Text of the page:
Starring: John Hurt, Richard Briers, Michael Graham Cox
Director: Martin Rosen
Running Time: 101 mins
Watership Down is a British film about a group of rabbits who are forced to flee their home, and in their attempts to survive out in the open, face many life-threatening dangers from all around.
Well, this is a really, really dark film, especially considering that it’s meant for family-viewing. It may have the beautiful look of all traditionally animated films, and that will be appealing for kids, but the actual story is pretty horrible, coupled with some shockingly graphic scenes that make this a pretty terrifying film for almost anyone, young or old.
The film follows a group of rabbits who audaciously escaped their warren, despite the protestations of the chief rabbit, because one rabbit had a premonition of the fields around their home being covered with blood. Already, it’s a pretty upsetting affair, but it’s the clear hardships that the fleeing rabbits face as they are forced from their home that are really heavy-going.
On the one hand, you want to love these cute little bunny rabbits, but this film does an excellent job of showing the brutality of mother nature, and that even these rabbits can be cold-blooded killers. That’s a pretty interesting and shocking theme to see unfold as they make their journey across the English countryside, but it does beg the question of whether this film really is suitable for kids.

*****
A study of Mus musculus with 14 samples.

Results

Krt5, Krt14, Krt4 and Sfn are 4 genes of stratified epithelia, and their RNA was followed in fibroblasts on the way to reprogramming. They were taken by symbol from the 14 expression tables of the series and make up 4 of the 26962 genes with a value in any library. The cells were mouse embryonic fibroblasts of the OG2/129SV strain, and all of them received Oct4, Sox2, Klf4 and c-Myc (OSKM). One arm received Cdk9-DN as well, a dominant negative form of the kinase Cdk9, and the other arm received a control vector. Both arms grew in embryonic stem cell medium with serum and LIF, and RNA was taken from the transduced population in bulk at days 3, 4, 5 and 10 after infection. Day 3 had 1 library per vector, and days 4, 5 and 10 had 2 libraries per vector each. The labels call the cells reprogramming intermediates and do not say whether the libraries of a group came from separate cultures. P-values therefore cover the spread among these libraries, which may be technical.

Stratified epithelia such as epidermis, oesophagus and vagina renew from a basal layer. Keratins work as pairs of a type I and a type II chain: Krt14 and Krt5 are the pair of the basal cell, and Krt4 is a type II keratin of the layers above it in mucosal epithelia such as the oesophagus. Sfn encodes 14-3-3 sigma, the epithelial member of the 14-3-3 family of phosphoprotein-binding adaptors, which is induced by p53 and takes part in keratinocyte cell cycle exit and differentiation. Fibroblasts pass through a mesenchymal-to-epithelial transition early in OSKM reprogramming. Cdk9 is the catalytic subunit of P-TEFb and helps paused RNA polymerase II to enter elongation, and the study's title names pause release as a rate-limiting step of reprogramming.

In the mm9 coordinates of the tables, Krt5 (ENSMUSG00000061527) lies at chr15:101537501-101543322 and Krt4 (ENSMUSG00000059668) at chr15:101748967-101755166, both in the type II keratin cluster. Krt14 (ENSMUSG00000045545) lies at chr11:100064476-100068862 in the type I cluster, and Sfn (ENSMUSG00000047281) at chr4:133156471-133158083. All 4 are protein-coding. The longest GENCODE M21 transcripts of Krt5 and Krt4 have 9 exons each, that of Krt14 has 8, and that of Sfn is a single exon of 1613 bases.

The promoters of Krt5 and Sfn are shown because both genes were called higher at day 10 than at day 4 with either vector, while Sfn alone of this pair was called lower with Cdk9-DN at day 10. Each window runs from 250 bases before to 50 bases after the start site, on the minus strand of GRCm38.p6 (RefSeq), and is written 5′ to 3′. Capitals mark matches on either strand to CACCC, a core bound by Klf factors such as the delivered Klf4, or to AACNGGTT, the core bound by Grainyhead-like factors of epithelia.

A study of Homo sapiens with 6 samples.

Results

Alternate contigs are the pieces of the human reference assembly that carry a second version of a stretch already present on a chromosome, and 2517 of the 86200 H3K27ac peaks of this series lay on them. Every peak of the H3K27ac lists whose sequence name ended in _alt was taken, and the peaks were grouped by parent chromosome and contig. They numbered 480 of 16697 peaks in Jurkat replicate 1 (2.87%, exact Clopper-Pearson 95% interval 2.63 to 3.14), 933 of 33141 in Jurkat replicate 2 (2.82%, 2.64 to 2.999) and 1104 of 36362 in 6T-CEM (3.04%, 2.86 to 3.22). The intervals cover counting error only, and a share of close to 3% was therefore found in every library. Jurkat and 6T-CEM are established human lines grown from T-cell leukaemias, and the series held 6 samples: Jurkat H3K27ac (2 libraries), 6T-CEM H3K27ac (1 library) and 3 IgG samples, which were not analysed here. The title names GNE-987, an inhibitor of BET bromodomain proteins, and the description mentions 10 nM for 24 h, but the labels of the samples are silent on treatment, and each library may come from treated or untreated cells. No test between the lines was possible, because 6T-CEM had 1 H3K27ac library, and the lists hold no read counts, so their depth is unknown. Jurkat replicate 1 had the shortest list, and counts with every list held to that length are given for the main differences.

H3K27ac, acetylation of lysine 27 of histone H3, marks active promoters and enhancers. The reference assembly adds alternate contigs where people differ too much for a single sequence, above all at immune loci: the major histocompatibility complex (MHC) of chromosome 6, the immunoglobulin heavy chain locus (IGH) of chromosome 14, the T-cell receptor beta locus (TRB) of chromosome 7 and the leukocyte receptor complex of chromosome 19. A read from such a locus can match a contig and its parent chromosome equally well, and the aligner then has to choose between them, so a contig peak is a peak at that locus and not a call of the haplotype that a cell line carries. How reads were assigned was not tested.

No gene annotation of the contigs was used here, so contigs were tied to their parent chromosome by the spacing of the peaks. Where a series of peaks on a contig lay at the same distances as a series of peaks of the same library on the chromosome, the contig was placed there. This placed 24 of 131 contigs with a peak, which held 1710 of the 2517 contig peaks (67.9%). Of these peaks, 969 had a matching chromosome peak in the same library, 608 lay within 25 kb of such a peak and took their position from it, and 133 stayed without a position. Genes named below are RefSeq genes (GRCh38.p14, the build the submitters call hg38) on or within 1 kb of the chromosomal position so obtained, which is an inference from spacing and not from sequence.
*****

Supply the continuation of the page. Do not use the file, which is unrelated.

A lot of the deeper and more emotionally harrowing themes will go over kids’ heads, and they’ll see the rabbits’ journey more like the one in Homeward Bound, but it’s the final act, where the rabbits come across another warren run by a disgusting old rabbit who rules with an iron fist, that it really gets too much.
Firstly, that evil rabbit is pretty scary himself. He’s covered in scars, one of his eyes is blind, and he has a horrible voice to go with his dictatorial style. But what’s worst is the way that this film represents the fight sequences that the rabbits attempting to oppose him become involved in.
Again, for anyone over the age of 12, it’s not traumatising, but it remains hugely disturbing and graphic, but for younger children, this is where it will be really difficult to watch. The fights are gory and violent, and feel as real as anything, with a very effective, but truly painful ripping sound effect playing every time a rabbit cuts into another with its claws, making every cut seem more horrible than the last, and making the fights even more uncomfortable, although impressive, to watch.
Overall, Watership Down gets a 7.5 from me, because it is a fascinating and very heavy-going drama about the brutalities of nature, but you must be very careful showing this to young children, because it’s very graphic and extremely upsetting.